Wednesday, May 12, 2010

A Dictionary Attack for Twitter

A dictionary attack is an attempt to crack a password by trying a list of logical passwords from a list of commonly used dictionary words.

Today, I'm pleased to release a dictionary attack which can obtain the password of Twitter users. The program itself is entirely free and legal. It should not be used illegally. I am not releasing the source code to it at this time.

There are two flaws with this dictionary attack. 1)Like the bruteforce attacks I released for Twitter, this program does not stop trying passwords once it finds the correct one. So you will need to watch the Twitter account of your victim. When the victims account tweets the tweet you wanted it to tweet, stop the program and view the LOG file it outputs to figure what password it used was the right one. 2)The dictionary list included with this program is not very good. A lot of the passwords in it are actually too short to be Twitter passwords >_<. If anyone can make or find a better list, let me know and I'll update the release with it.

If you're a concerned Twitter user over the vulnerability of your password, just put a number in your password and this attack will not be able to obtain your password. However, other and future Twitter attacks will be able to (until Twitter fixes the flaws in their system of course).

Finally, note that this release can obtain most passwords which do not use numbers within a weeks time. It can not obtain any passwords which contain numbers. It is overall much faster than the bruteforcers I have released previously due to the nature of dictionary attacks.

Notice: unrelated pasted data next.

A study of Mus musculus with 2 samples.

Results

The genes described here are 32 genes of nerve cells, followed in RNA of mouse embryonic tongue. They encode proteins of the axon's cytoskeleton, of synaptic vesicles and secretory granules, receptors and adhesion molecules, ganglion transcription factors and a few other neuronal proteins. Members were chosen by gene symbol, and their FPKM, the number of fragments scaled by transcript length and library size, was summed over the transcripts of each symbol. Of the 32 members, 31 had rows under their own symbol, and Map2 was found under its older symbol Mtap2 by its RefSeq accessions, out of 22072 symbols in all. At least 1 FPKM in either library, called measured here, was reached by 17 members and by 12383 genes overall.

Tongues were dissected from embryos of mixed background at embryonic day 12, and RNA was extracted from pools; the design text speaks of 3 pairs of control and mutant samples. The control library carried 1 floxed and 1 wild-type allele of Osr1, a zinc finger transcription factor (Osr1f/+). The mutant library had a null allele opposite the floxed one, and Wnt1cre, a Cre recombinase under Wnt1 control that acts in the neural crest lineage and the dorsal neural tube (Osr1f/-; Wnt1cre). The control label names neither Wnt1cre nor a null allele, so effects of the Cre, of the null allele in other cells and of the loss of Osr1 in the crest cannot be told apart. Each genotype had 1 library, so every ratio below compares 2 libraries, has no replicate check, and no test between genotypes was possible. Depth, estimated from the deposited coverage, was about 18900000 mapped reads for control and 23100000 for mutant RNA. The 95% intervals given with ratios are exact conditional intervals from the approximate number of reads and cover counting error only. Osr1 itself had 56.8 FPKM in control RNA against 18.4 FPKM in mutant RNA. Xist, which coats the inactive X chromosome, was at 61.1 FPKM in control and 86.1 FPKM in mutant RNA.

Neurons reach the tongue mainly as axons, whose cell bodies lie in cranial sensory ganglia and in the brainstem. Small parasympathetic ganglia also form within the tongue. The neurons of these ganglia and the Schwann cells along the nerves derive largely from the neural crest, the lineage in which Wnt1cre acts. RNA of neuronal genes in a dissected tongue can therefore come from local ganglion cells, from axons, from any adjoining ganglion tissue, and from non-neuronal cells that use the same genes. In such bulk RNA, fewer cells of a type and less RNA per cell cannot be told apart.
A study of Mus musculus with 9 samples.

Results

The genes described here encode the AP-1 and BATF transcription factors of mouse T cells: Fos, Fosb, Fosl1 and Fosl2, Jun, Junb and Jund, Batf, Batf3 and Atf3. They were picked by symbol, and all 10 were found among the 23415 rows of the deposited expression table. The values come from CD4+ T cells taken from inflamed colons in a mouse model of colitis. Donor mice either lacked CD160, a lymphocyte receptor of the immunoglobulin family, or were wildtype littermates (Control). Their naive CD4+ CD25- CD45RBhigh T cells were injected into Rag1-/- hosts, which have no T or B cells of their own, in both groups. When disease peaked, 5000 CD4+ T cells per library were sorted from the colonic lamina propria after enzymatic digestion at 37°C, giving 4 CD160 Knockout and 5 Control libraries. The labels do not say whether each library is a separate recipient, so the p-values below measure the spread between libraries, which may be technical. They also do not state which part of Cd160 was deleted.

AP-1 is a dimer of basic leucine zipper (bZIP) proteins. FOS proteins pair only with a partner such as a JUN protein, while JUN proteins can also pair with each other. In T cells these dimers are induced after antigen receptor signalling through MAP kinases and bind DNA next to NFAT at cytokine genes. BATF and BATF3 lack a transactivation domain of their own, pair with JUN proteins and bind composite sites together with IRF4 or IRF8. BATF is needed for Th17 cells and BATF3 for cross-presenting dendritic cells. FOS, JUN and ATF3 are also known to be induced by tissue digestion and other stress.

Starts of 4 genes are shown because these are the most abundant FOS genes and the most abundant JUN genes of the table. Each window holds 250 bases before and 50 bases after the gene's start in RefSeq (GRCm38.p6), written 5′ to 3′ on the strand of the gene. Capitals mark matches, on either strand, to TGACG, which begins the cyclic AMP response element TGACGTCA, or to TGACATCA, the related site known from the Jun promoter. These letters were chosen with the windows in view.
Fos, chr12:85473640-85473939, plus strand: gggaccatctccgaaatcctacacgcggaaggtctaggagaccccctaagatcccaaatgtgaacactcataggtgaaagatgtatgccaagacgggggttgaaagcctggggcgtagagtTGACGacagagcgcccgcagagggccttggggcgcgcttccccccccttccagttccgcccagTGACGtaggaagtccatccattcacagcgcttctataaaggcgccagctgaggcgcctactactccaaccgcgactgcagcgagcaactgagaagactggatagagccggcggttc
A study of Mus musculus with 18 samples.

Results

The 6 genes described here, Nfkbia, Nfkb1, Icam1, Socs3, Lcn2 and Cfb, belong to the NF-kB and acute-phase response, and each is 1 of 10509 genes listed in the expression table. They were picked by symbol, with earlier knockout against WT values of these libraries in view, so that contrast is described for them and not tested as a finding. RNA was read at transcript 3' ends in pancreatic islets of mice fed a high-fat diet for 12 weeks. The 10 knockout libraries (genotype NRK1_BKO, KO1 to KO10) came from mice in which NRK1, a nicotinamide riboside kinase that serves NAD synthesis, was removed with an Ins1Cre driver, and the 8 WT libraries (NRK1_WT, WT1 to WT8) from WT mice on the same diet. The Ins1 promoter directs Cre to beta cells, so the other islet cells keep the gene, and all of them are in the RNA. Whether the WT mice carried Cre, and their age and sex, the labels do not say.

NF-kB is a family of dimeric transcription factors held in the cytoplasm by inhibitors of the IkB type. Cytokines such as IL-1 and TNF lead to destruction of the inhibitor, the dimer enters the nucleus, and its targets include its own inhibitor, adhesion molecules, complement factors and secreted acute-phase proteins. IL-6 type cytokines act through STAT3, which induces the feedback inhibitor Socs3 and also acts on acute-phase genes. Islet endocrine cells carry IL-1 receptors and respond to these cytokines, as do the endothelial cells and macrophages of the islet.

You can download the dictionary attack here.

You can view my previously released Twitter attacks here.

If you have any questions regarding the content of this post, feel free to leave a comment, join me in #arikadosblog on EFNET, post in our forums, tweet to me, or send me an e-mail at

Lastly, if you can, please donate to my college fund using the chip-in widget on the right-hand side of this blog.


  1. You can get a really good dictionary at The words are sorted by length, so you can easily remove the ones that are too short.

    Also, how do you do this without being accused of attempting a DoS attack or someone noticing that you're trying to crack a password?

  2. Have you thought about using john the ripper to mangle your dictionary file and pipe the output to your program? (similar to using john + aircrack)

  3. You failed on all level. Releasing a lame dictionary attack tool against twitter is a new low. Why would anyone donate to a person of such low morals. Any future employer reading this will think twice about hiring you.

  4. @Anonymous AKA Len
    Actually, you failed on every level ranging from your incorrect grammar to your entirely incorrect point.